Stocks reach highest level in 5 years

Traders work the floor at the New York Stock Exchange. Talk of more mergers and acquisitions sent prices up.
Traders work the floor at the New York Stock Exchange. Talk of more mergers and acquisitions sent prices up. (SETH WENIG / AP)
Posted: February 21, 2013

U.S. stocks advanced Tuesday, sending benchmark indexes to their highest levels in five years, on increasing optimism over deal-making and a report showing rising investor confidence in Germany.

Office Depot Inc. soared 9.4 percent and OfficeMax Inc. surged 21 percent as a person familiar with the matter said the companies have discussed a merger and may announce a deal as early as this week. Bank of America Corp. and Citigroup Inc. rose more than 1.3 percent as financial shares rallied. Google Inc. jumped 1.8 percent, surpassing $800 for the first time.

The Standard & Poor's 500 Index rose 11.15 points, or 0.7 percent, closing at 1,530.94. The Dow Jones industrial average advanced 53.91 points, or 0.4 percent, to 14,035.67. Both indexes closed at their highest levels since October 2007.

The Nasdaq composite rose 21.56 points, or 0.7 percent, to 3,213.59.

"More deals out there do create a good sentiment," said Kevin Divney, chief investment officer at Beaconcrest Capital Management in Boston. "CEOs now are looking further out, and that's been the issue the past four years. If we can extend horizons, it makes for better strategic decisions."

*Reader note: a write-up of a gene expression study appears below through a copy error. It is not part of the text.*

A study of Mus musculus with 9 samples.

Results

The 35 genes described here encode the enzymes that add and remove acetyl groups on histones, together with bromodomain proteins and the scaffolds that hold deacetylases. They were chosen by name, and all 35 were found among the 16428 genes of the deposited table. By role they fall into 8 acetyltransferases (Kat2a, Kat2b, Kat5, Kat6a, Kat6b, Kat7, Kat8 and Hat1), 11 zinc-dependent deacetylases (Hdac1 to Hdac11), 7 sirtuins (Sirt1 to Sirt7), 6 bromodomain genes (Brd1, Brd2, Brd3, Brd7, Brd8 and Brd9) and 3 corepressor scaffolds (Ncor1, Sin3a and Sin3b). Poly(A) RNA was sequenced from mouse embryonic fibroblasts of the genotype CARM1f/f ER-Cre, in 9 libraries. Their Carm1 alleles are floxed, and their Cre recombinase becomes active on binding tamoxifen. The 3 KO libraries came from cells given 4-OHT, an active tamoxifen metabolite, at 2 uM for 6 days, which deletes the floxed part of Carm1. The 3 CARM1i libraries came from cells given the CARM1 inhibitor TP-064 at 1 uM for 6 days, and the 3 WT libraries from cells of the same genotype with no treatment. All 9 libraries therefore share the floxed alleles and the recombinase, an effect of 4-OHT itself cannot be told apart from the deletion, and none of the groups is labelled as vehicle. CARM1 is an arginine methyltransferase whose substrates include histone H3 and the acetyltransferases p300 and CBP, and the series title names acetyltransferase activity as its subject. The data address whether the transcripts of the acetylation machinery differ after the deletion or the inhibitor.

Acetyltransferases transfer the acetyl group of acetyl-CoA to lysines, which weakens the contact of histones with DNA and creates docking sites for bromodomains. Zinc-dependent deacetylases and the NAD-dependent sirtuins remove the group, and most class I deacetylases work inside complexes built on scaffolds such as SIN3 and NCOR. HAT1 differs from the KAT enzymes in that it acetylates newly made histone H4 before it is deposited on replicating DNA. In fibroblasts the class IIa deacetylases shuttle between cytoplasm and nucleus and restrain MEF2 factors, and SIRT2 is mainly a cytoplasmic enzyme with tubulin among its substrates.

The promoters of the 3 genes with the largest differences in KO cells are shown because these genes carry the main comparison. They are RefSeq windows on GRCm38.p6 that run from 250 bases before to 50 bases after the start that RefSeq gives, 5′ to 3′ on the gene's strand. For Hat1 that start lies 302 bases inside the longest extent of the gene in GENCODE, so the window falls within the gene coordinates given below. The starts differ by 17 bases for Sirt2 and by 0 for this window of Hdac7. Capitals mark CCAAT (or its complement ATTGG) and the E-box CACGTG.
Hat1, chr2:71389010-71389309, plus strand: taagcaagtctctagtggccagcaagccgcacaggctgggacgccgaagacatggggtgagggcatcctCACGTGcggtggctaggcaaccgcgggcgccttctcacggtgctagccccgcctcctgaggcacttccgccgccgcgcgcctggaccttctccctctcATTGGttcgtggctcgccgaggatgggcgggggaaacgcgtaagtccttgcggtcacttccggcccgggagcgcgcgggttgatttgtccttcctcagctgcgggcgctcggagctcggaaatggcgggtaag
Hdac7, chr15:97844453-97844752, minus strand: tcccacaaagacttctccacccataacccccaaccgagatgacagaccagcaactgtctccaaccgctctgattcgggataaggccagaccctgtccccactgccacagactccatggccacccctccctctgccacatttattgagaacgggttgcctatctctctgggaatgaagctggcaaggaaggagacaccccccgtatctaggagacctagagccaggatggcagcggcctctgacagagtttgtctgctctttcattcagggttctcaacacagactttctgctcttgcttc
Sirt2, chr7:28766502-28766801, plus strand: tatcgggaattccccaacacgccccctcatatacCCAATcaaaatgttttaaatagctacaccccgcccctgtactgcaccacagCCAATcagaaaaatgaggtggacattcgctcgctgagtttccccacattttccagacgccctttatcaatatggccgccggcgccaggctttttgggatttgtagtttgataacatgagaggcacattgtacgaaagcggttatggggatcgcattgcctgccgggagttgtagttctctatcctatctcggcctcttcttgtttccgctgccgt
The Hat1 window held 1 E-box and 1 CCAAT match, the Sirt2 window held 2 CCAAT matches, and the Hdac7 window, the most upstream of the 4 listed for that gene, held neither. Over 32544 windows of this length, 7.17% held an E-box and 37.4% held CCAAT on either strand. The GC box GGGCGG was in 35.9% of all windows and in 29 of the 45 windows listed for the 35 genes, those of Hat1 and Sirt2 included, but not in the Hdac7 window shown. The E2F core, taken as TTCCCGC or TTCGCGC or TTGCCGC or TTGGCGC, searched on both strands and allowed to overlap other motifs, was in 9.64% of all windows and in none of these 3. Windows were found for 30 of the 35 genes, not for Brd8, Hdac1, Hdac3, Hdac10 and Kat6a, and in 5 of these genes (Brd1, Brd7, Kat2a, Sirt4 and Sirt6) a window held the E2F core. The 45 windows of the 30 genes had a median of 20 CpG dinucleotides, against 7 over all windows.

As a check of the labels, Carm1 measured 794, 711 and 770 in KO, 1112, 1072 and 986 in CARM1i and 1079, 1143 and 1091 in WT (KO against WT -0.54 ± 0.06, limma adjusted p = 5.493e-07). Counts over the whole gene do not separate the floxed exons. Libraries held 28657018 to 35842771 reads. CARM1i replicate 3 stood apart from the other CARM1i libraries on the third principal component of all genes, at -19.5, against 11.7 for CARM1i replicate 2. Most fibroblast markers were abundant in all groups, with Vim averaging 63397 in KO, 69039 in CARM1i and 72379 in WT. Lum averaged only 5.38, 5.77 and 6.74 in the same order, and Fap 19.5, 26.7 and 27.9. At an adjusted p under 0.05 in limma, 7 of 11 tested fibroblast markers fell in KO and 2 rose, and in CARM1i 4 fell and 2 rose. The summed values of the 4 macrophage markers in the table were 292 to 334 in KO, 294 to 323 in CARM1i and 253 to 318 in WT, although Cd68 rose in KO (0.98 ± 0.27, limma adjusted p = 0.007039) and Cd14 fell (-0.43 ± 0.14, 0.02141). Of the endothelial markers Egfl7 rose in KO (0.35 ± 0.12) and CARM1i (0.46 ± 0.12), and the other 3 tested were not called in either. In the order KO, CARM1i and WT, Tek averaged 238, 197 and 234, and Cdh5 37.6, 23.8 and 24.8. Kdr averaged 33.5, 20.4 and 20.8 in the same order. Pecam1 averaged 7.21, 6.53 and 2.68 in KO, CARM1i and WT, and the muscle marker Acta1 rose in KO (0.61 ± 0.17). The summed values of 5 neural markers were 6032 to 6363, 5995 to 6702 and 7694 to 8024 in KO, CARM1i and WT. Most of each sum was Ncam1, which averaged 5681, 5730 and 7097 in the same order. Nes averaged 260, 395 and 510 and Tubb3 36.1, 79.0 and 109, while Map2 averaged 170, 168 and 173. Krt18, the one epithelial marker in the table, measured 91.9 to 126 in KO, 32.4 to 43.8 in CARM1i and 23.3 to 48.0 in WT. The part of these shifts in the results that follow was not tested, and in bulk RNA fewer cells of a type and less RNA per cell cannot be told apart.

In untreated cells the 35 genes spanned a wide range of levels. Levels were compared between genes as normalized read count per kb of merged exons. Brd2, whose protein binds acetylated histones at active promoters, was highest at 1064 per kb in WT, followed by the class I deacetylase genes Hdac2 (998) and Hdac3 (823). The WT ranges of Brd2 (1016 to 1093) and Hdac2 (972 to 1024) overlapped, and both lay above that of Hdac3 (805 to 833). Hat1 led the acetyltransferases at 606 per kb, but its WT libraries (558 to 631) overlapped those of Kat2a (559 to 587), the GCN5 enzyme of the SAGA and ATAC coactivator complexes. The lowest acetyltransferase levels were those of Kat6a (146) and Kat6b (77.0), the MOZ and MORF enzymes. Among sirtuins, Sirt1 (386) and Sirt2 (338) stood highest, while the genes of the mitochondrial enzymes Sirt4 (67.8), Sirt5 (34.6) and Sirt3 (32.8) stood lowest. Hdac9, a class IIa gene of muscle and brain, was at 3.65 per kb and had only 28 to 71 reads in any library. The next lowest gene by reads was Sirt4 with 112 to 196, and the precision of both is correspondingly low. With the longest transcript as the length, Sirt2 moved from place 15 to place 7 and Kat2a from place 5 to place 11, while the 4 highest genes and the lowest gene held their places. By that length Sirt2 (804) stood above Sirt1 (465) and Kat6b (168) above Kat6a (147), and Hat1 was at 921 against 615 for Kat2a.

Almost $40 billion in deals was announced in the United States on Thursday, bringing the total this month to more than $140 billion, according to data compiled by Bloomberg. That already surpassed the total of $99.6 billion during the first two months of 2012.

German investor confidence jumped more than economists forecast in February to the highest in almost three years, data showed Tuesday, adding to signs that Europe's largest economy is rebounding from its slump.

Nine out of 10 groups in the S&P 500 advanced, with consumer staples and energy shares climbing at least 1 percent.

Best Buy gained 2.7 percent, to $17.33, after Alan Rifkin, an analyst at Barclays P.L.C., raised the retailer of electronic goods to overweight, the equivalent of buy, from equal weight.

"We believe Best Buy is taking the necessary steps to improve operations by cutting costs out and driving efficiencies," Rifkin wrote in a report. "We are confident that management will work to defend share."

General Mills Inc. added 1.9 percent, closing at $45.43. The maker of Cheerios said profit would rise at a high single-digit percentage rate in fiscal 2014 and reiterated its earnings forecast for this year. Analysts project an increase of 8 percent to $2.90 per share, according to an average of estimates compiled by Bloomberg.

The National Association of Home Builders/Wells Fargo builder confidence index fell to 46 from January's 47, a report from the group showed. PulteGroup Inc. tumbled 1.8 percent to $19.95, and D.R. Horton Inc. lost 1.6 percent to $23.29.

Humana Inc. tumbled 6.4 percent to $73.01 for the biggest drop in the S&P 500. The second-biggest private Medicare insurer said the U.S. government's preliminary Medicare Advantage payment rates were less than the company anticipated.

The proposed rates also sent shares down. UnitedHealth Group Inc., the largest U.S. health-insurance provider, fell 1.2 percent to $56.66. Cigna Corp. lost 1.1 percent to $60.43.

Among casino companies, Wynn Resorts Ltd. dropped 2.1 percent, to $120.39, after CLSA Ltd. downgraded Wynn Macau, billionaire Steve Wynn's Las Vegas-based company, to outperform from buy. Wynn is among six applicants for Philadelphia's second casino license.

Las Vegas Sands Corp., which operates the Sands Bethlehem Casino, tumbled 3.1 percent to $51.25.